Harvard's new chaplain is an atheist. Is that a contradiction?

What the rise of humanism reveals about a university founded by Puritans

Greg Epstein.
(Image credit: Illustrated | Getty Images, iStock)

The motto of Harvard University, which might as well be tattooed on aspirants to the American upper class, is "veritas." For those who never learned the Latin that was once part of the standard curriculum, that means "truth." It seems like an obvious fit for the nation's most prominent institution of higher learning. Isn't pursuing truth what a university is all about?

But the motto's history isn't so simple. Although it appeared in several versions following Harvard's establishment in 1643, most stressed the theological character of the truth to which the college was devoted. "Veritas Christo et Ecclesiae" — truth for Christ and Church — read one version. "In Christam Gloriam" — to the glory of Christ — went another. The one word version was adopted in the late 19th century, partly at the urging of poet Oliver Wendell Holmes Sr.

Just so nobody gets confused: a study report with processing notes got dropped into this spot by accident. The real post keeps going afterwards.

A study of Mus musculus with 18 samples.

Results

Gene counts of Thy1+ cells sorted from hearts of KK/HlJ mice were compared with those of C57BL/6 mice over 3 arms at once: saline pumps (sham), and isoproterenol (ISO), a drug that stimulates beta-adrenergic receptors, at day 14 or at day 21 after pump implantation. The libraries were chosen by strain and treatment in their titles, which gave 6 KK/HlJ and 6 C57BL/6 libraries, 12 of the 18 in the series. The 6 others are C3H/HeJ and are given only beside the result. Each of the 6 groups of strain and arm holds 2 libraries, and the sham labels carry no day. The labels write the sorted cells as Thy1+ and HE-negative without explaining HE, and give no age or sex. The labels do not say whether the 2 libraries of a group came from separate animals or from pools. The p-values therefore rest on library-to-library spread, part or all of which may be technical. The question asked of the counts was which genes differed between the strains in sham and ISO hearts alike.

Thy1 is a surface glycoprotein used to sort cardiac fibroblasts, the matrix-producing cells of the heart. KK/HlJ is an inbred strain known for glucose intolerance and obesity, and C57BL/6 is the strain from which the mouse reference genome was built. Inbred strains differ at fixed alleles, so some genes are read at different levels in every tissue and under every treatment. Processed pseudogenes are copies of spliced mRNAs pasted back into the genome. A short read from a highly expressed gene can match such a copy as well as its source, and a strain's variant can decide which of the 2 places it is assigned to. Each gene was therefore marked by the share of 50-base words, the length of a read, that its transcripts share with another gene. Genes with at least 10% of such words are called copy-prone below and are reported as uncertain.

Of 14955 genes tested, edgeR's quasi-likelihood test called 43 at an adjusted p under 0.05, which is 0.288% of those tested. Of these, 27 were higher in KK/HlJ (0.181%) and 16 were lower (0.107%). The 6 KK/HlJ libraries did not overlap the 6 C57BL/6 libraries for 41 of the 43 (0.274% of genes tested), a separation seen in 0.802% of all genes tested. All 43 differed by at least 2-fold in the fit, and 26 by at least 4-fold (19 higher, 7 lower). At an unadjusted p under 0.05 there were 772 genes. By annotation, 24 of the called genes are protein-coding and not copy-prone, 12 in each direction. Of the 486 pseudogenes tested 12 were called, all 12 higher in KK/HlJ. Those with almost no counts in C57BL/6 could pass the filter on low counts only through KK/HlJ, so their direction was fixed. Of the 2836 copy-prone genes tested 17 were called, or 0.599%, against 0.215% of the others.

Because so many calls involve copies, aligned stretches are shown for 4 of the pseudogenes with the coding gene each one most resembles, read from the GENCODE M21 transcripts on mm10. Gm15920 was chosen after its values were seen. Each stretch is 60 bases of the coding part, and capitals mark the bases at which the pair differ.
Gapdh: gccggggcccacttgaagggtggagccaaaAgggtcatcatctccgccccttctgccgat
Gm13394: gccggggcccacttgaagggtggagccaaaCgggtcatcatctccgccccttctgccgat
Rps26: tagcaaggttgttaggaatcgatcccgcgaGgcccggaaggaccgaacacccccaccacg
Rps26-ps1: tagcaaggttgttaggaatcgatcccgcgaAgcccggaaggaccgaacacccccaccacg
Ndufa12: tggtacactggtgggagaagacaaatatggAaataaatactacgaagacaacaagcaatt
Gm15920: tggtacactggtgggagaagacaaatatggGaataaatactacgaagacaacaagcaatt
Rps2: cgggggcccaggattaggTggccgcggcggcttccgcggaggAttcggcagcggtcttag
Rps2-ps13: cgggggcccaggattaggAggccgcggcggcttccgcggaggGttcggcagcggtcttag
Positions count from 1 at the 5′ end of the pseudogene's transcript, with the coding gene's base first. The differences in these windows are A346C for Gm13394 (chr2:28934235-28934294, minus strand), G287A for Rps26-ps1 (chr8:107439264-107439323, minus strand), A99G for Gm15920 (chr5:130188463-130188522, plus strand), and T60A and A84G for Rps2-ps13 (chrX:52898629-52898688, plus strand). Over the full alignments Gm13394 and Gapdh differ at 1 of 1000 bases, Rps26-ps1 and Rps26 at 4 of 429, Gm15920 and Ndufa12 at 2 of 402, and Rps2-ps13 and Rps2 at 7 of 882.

Samuel Goldman is a national correspondent at TheWeek.com. He is also an associate professor of political science at George Washington University, where he is executive director of the John L. Loeb, Jr. Institute for Religious Freedom and director of the Politics & Values Program. He received his Ph.D. from Harvard and was a postdoctoral fellow in Religion, Ethics, & Politics at Princeton University. His books include God's Country: Christian Zionism in America (University of Pennsylvania Press, 2018) and After Nationalism (University of Pennsylvania Press, 2021). In addition to academic research, Goldman's writing has appeared in The New York Times, The Wall Street Journal, and many other publications.